What Happens to Women if We Leave Afghanistan?
We take our freedoms for granted in America and assume that everyone is either like us or wants to be. We find it hard to believe that this is not so.
Of course, I am not talking about thee and me but about all those American journalists, academics, and politicians who actually believe that the Cordoba House (the Mosque at Ground Zero) is a great idea; that women should have the "religious right" to wear the burqa in the West; that Muslims as a group must not be viewed as terrorists—even if most terrorists today happen to be Muslims who commit their bloody deeds in the name of Islam; above all, I am brooding about the American inability or refusal to distinguish between real Muslim and ex-Muslim dissidents and feminists and those who pretend to come in peace (in English) but who preach hatred and war within their mosques and in Arabic.
Please read Zeyno Baran's excellent anthology, The Other Muslims. Moderate and Secular, in which genuine anti-Islamist Muslims cry out in frustration because they are consistently marginalized by Western governments and interfaith leaders who consistently choose to support Islamists as the true voice of Islam.
Westerners have a very hard time believing that Islam may not be like Christianity or Judaism, and that radical evil exists. Doctrines of reason and logic, fairness and decency, do not have the power to successfully "negotiate" with it. The idea that Good must actually get down and battle Evil until one side wins is anathema to those averse to any risk-taking. More important: Perhaps Americans cannot accept the idea that they may not be able to rescue people elsewhere, everywhere, from truly terrible fates.
Historically, American Christian missionaries, mainly the women, were obsessed with elevating women in the Arab and Muslim world. They did not so much want to convert them to Christianity as to save them from being beaten to death, and perhaps to teach them to read and write. British colonialists were alarmed by these do-gooders and did not want to interfere with the status quo lest that lead to instability and the loss of Empire.
Alas, Time magazine has it all wrong. The cover is brave, startling. It is a photo of an Afghan woman in hijab, with lustrous dark hair, whose nose has been cut out. It is titled: "What Happens if We Leave Afghanistan." But their article is also illogical and does not state some fairly obvious realities. The article believes that the women of Afghanistan will be further endangered if American troops withdraw. (Funny that Time is saying this, but maybe the famous multi-culturally relativist "paradigm" is shifting.)
Please realize: These women whose noses and ears were cut off by the Taliban were punished while American troops were right there. American forces are very much present right now even as Afghan women have been forced back into wearing the much-hated burqa and into arranged, sometimes polygamous marriages to highly abusive men. Right now—as American troops are on the ground and dying in huge numbers, battered child brides are imprisoned, not rescued, by President Karzai's government when they dare run away from beatings at home. Right now, Afghan women are living miserable, dangerous lives even as American troops are fighting their hearts out.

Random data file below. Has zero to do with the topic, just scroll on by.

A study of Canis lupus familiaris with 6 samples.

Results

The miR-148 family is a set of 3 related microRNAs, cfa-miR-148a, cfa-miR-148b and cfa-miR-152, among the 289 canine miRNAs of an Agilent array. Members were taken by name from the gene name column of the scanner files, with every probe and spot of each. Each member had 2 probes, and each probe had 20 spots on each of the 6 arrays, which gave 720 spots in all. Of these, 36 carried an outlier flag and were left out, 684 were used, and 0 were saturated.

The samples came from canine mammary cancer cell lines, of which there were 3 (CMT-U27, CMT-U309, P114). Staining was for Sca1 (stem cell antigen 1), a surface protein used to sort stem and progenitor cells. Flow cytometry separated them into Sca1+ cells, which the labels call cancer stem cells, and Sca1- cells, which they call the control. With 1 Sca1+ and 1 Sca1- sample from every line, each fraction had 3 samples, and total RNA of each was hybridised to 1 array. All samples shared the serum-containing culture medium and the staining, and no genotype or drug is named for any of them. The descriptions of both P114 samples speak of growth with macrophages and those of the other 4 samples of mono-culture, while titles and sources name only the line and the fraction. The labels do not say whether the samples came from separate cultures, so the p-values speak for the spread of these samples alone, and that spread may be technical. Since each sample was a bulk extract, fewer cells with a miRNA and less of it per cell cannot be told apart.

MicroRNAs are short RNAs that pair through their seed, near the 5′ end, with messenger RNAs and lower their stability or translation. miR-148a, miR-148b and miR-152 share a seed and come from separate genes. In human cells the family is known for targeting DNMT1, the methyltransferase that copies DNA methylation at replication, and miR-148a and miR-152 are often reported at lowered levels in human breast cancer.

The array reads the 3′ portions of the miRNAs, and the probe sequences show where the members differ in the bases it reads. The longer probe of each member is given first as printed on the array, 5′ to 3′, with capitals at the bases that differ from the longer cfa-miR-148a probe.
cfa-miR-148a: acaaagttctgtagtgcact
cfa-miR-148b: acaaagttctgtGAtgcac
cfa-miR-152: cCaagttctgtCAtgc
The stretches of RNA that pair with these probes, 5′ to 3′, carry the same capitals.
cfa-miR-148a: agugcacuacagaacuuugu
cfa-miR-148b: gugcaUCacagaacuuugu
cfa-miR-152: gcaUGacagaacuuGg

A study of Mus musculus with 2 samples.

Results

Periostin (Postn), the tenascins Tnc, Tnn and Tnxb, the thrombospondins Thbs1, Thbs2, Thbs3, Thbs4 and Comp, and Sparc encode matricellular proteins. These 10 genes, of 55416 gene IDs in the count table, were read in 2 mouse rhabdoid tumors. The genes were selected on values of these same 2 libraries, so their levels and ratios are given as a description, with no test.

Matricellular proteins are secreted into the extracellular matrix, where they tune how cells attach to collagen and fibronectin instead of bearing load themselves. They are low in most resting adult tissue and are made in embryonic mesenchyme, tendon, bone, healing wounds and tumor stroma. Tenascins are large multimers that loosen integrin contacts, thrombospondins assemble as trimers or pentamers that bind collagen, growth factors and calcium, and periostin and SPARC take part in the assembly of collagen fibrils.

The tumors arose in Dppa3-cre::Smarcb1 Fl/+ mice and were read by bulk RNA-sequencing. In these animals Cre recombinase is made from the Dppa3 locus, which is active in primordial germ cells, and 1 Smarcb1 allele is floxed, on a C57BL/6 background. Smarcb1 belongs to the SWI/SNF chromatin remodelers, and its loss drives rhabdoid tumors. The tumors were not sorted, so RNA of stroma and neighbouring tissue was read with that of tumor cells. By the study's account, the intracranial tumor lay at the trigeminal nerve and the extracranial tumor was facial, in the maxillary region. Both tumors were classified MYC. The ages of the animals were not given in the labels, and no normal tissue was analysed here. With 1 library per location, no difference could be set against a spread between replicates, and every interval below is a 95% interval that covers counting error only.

I now question how much blood and resources America is morally bound to expend in a) funding the puppet-tyrant, President Hamid Karzai in order to achieve what passes for "stability" in the region; b) keeping the Arabs, the Iranians, and the Pakistanis from gaining the upper hand in Afghanistan; c) gaining access to precious metals, gas deposits, and a world-class opium crop; d) hunting down the elusive Mr. Bin Laden.
Does anyone really believe that America went into Afghanistan in order to liberate women?
Why am I not surprised that President Karzai has decided to negotiate with the Taliban? He is a drug lord (well, at least his brother is); but he is also an Afghan who will make deals with everyone and just as quickly betray all parties. Yes—and with a peasant-like cruelty and good humor. Has no one read any Afghan history? Are the American people willing to give up our standard of living, which is already sinking, so that the women of Afghanistan are free or even minimally safe? And how low are we prepared to go? Next up are the women of Pakistan who live near the border with Afghanistan; after them, there's the entire fundamentalist Muslim world. And, then there's Africa. Personally, I would start with Congo, where the public gang-rapes of female children and women are beyond belief. And let's not forget India where, despite vast sophisticated modernity, gross, unyielding poverty turns men into pimps and children into prostitutes every single minute.
I am asking a real question about our "White Man's" Burden: Are We our Sisters' Keepers? At long last, are the postcolonial/morally relativist journalists and academics now raising this question?
Poor Afghanistan, where once I lived when I was young, has been reduced to rubble, to utter dust, so many times before, but perhaps never so totally, so heartbreakingly. I hope this is not an augur of worse to come in our world.
This is a bold book, intimate and rich in detail… Chesler is a voice crying out for women. She will never stop
--Kate Millett, author of Sexual Politics and Going to Iran
The 2011 Edition of Mothers on Trial
The Battle for Children and Custody
Updated & revised with 7 new chapters, a new introduction, and a new resources section.
The 2009 Edition of
Woman's Inhumanity to Woman
Including a new Introduction by the author.